Hon Folks, I don’t remember if, in the past 25 years of multiparty government, there was ever an occasion when leaders from both sides of the political divide ever sat at the podium, celebrating our Independence anniversary together.
From back in the days of Bakili Muluzi—touted by some as the most tolerant of the four presidents we’ve had in the multiparty dispensation—the party in government celebrates independence alone or together with its bedfellow in a political marriage of convenience.
The opposition assumes the role of peripheral bystander not only in State functions but also in everything else to do with government. In fact, you are unlikely to get a top job in government or win a business contract with government if you are perceived as a sympathiser of the Opposition.
That’s how the warped concept of ‘supporting government of the day’—again mooted back in the days when UDF was the governing party—has evolved to define the winner-takes-it-all system that has bedeviled democratic Malawi.
But celebrating 6th July of 2019 was particularly bizarre. While APM and DPP supporters were at the Kamuzu Stadium in Blantyre celebrating independence, the Opposition constituting over 60 percent of the voters weren’t there.
They were in courts and on the street, seething with anger and vigorously protesting the outcome of the presidential poll and the manner in which MEC Chairperson Jane Ansah conducted the election. They want the courts to nullify the outcome of the election and Dr. Ansah to go.
Much as the majority of the protestors went out there and exercised their constitutional right to demonstrate peacefully, there’s no denying the violence, looting and plunder that came along with it.
But as thugs took advantage of the demonstration to wreak havoc, many of us were left wondering where the law enforcers were. It had to take the Army to leave the barracks to do crowd control on the streets otherwise the damage would’ve been colossal.
Interestingly, it’s now that my old friend, Minister of Homeland Security Nicholas Dausi, apparently capitalising on the damage associated with the demos, has become turbo-charged, mouthing us Section 106(1) of the Police Act. So, the aim of government was to use the damage to get at the organisers of demonstrations!
Are the folks in government being smart of dim-witted?
The five-member Constitutional Court looking into the disputed May 21 presidential election is addressing just an event. Likewise, the anti-Jane Ansah protests that rocked all the four cities—Blantyre, Lilongwe, Zomba and Mzuzu as well as Karonga and other districts are also a mere episode.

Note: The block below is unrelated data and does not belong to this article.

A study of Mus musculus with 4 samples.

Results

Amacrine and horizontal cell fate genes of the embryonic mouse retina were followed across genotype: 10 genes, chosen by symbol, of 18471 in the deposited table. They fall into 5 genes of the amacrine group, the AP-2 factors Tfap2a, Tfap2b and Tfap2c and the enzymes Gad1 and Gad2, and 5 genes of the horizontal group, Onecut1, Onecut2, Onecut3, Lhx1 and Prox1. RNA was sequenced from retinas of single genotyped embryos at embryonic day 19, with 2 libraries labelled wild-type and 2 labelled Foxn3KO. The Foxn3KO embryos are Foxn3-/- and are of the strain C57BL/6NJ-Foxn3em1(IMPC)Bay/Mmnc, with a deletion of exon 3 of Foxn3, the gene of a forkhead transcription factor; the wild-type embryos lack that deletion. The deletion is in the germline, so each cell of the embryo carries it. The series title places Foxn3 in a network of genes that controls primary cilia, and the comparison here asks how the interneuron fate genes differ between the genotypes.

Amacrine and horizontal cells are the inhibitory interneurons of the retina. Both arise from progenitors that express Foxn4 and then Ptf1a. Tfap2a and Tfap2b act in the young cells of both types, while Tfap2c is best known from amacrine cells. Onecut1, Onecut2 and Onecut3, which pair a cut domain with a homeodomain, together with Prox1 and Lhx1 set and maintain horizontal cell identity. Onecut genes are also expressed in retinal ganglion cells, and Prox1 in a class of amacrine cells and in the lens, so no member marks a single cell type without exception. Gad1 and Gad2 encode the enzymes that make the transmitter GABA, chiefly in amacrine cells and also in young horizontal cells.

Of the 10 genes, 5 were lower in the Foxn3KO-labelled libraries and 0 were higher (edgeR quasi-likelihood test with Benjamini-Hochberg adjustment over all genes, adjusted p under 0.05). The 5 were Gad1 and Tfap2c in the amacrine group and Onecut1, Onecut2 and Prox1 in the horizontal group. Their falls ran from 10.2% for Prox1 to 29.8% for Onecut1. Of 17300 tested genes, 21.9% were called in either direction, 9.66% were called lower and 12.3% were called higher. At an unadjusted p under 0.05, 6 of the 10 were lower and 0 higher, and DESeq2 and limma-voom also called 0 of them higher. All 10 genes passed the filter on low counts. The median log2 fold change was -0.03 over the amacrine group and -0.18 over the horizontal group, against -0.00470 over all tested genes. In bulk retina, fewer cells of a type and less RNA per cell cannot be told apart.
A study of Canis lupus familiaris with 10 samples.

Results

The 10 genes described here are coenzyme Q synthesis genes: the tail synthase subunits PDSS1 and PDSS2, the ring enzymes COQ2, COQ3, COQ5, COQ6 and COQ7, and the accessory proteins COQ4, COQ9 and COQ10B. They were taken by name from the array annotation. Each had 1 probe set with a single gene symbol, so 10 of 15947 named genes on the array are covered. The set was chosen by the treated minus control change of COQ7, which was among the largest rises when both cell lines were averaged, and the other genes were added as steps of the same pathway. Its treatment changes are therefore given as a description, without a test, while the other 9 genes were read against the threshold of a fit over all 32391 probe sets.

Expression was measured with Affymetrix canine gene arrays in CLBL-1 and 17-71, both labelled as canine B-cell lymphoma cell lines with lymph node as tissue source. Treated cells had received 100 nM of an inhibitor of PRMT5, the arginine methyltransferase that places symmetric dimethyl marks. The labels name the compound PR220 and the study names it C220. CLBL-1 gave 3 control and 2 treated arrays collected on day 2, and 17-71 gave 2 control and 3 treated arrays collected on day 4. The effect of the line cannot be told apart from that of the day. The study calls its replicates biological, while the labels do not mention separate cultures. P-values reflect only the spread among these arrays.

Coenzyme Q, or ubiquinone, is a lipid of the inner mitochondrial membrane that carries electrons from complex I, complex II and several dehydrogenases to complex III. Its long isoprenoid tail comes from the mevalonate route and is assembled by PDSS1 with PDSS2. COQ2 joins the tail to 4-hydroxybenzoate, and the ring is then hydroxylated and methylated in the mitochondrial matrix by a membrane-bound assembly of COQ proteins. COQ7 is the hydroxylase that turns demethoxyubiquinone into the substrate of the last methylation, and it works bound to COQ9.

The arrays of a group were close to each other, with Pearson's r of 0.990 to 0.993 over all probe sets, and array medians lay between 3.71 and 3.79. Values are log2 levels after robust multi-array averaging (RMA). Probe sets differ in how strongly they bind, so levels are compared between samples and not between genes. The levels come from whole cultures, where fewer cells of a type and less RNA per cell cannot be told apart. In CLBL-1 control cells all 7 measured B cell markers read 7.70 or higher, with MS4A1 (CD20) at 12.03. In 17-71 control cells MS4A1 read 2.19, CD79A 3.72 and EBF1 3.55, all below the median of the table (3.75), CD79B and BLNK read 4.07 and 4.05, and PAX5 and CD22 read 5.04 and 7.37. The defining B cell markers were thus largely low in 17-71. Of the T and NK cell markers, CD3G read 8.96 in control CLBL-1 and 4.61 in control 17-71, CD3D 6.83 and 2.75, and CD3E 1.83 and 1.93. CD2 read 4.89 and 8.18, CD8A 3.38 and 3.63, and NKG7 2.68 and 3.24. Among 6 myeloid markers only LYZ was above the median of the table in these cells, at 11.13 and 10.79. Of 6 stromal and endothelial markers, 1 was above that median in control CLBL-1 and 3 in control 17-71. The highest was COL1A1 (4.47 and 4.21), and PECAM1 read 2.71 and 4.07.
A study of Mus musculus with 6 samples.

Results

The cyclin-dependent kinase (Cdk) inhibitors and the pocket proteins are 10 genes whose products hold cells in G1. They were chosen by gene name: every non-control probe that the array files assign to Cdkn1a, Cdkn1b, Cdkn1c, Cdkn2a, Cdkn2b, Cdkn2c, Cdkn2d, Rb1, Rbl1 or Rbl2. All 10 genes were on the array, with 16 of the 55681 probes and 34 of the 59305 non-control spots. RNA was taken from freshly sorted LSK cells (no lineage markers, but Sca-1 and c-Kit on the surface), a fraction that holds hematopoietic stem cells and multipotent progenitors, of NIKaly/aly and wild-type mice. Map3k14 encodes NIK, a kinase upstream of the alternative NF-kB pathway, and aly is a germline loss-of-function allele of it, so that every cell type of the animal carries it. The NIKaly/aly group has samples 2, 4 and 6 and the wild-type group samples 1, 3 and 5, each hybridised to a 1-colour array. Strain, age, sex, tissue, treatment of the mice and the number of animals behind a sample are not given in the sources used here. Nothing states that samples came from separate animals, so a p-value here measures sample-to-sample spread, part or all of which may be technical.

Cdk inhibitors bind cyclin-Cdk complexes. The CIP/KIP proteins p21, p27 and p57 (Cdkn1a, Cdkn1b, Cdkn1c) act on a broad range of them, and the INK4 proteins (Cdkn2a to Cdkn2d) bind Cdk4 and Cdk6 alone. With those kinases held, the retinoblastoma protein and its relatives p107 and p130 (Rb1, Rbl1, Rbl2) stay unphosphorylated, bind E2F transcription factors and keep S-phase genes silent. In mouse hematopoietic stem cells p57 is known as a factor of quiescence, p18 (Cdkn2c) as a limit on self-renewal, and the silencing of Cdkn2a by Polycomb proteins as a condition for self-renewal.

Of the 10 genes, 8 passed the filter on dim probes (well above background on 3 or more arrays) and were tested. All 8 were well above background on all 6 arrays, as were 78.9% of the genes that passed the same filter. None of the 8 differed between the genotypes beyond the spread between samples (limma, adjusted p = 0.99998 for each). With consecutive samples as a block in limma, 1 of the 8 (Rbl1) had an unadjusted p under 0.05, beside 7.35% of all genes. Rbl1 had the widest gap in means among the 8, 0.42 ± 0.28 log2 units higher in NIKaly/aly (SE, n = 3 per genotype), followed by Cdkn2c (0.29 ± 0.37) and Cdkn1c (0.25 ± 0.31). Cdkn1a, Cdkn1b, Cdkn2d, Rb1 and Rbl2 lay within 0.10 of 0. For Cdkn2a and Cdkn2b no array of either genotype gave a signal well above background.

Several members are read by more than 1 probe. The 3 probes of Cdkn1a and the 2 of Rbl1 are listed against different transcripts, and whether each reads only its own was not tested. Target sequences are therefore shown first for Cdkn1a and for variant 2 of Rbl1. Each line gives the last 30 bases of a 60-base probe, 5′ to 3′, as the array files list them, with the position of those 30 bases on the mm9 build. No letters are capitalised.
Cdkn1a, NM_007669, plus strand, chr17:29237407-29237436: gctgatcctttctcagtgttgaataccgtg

If teargas, handcuffs, guns or even Dausi’s class action lawsuit can address the bad side of such episodic occurrences, it is my conviction that such tools aren’t adequate, let alone sufficient, in addressing the real cause of the lack of cohesion that has seen the Malawi nation divided and pulling in different directions.
Before 1994 our differences were more or less ideological—one group wanted the one-party system, another group wanted the multiparty system. The latter prevailed only because they were in majority. In democracy, the majority rules.
But after 1994 when virtually everybody joined the multiparty bandwagon, the conflict shifted to the national cake which belongs equally to the 17.5 million Malawians.
Since then elections have been more about acquiring political powers in order to control the economy than they’ve been about serving the larger national good. To be in government is to become rich, politically powerful and to decide the destiny of all Malawian.
Conversely to be in Opposition is to be poor, politically inconsequential and to sit and watch even when the only country we all call home is subjected to cronyism, corruption and mediocrity.
Unfortunately, with the first-past-the-post system, rarely do we have a President elected by the majority of the voters. It’s usually the minority of the voters giving a President the mandate to govern.
Those who benefit from such a system are ready to defend it with all they have. Likewise, those who are alienated by the system are ready and willing to fight it to the very end.
Unless the issue of presidential mandate is properly addressed and unless those in government are ready and willing to adhere to the tenets of good governance–transparency and accountability—I’m afraid, we’re losing the capacity to transfer power peacefully through the ballot.